What is Student Right-To-Know?
Student Right-To-Know is a federal law that requires all colleges and universities to disclose certain information to students. This handout provides the information that a college must provide to students on graduation rates and transfer-out rates for full-time students seeking degrees at Lake Superior College.
What is a graduation rate and what is a transfer-out rate?
Federal regulations specify how to calculate the graduation and transfer rates. The rates come from a study of Lake Superior College students who started at the college in the fall of 2011. The study includes all first-time students who enrolled full-time that fall and were seeking to earn a degree, diploma or certificate at the college. The graduation rate is the percentage of these students who graduated from Lake Superior College within three years. The transfer-out rate is the percentage of these students who did not graduate from Lake Superior College, but instead transferred to another college or university within three years.
What do I need to know about these rates?
These rates do not report on all students at Lake Superior College. The 410 first-time, full-time students in the study were 8 percent of all students enrolled at Lake Superior College in fall of 2012.
What are the graduation and transfer-out rates for Lake Superior College students and how do they compare to rates for other colleges?
· The graduation rate for Lake Superior College was 26 percent.
· The transfer-out rate for Lake Superior College was 17 percent.
· The combination of the graduation rate and the transfer-out rate for Lake Superior College was 42 percent. The national average combined rate for similar colleges was 40 percent.
Why don’t more Lake Superior College students graduate or transfer in three years?
· Since Lake Superior College has an “open door” mission, many new students need to take “developmental” courses to improve their reading, writing or math skills before taking other college courses;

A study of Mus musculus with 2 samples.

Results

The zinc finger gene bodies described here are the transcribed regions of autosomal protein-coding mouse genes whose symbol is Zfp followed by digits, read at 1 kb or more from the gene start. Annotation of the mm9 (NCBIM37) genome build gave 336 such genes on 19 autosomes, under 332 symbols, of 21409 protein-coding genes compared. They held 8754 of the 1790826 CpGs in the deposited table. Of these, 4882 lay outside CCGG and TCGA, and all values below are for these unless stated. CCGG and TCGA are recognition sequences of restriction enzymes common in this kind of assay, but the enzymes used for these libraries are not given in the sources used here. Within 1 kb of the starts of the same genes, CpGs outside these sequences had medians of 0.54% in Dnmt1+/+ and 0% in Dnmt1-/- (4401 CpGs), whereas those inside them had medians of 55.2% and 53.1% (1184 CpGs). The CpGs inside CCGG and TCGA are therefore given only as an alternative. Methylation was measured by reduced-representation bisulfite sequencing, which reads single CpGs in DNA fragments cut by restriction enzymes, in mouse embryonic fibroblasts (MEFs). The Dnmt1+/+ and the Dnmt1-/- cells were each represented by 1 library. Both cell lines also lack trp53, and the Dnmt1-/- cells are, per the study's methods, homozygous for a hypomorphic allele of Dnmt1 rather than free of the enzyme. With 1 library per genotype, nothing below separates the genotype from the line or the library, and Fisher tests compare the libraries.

· Students who switch from full-time to part-time enrollment or “stop out” for one or more semesters are more likely to take more than three years to graduate;
· Some students take jobs before they graduate;
· Other students delay their education for personal, family or financial reasons.
Disaggregated Student Right-To-Know Graduation and Transfer-Out Rates
Lake Superior College Graduation Rate Transfer Out Rate Combined Rate Total Cohort 26% 17% 42% Race Ethnicity American Indian or Alaska Native * * * Asian * * * Black or African American * * * Hispanic of any race * * * Native Hawaiian or Other Pacific Islander * * * Nonresident Alien * * * Two or more races * * * Unknown race and ethnicity * * * White 27% 17% 44% Gender Female 27% 19% 46% Male 24% 15% 40% Financial Aid Pell Grant Recipient 22% 14% 36% Received neither Pell nor Subsidized Stafford Loans 29% 21% 51% Received Subsidized Stafford Loans, but no Pell 30% 16% 46%
* Suppressed to protect student privacy.
Due to rounding, percentages may not always appear to add up.
Gainful Employment programs, as defined by federal law and regulations, are non-degree programs of more than 15 credits “that prepare students for gainful employment in a recognized occupation.” Educational institutions are required to report certain information regarding their gainful employment programs. LSC complies with this requirement by posting Gainful Employment information, for those programs that require it, within the Academic Program Database.
In accordance with Minnesota State board policy, each year Lake Superior College surveys its most recent graduates one year after graduation. The survey determines whether graduates are available for employment and whether they are employed in a field related to their studies.
Each year, updated graduate placement data is posted as soon as the results of the most recent survey are available. Due to the methodology used (e.g. the 2014 survey was directed to students who graduated in Summer 2012, Fall 2012, and Spring 2013), results can lag graduation by 2-3 years.
The LSC College-Wide Learning Outcomes describe the knowledge, skills, and responsibilities that students should acquire as a result of their studies at LSC. The outcomes are organized into three sections:
1. Professional and Personal Responsibilities, including:
Initiative and accountability
Adherence to organizational expectations
Self-development and lifelong learning
Demonstrated through appropriate behaviors
2. Foundational Knowledge of the Intellectual, Social, and Natural World, through study in:
Focused by engagement with discipline-specific questions, both contemporary and enduring
3. Intellectual and Practical Skills, including
Critical and creative thinking
Inquiry and analysis
Synthesis and application
Teamwork and problem solving
Written and oral communication
Practiced extensively, across the curriculum, in the context of progressively more challenging problems, projects, and standards for performance
4. Social Responsibilities, including
Awareness and practice of sustainability
Ethical reasoning and action
Anchored through active involvement with diverse communities and real-world challenges.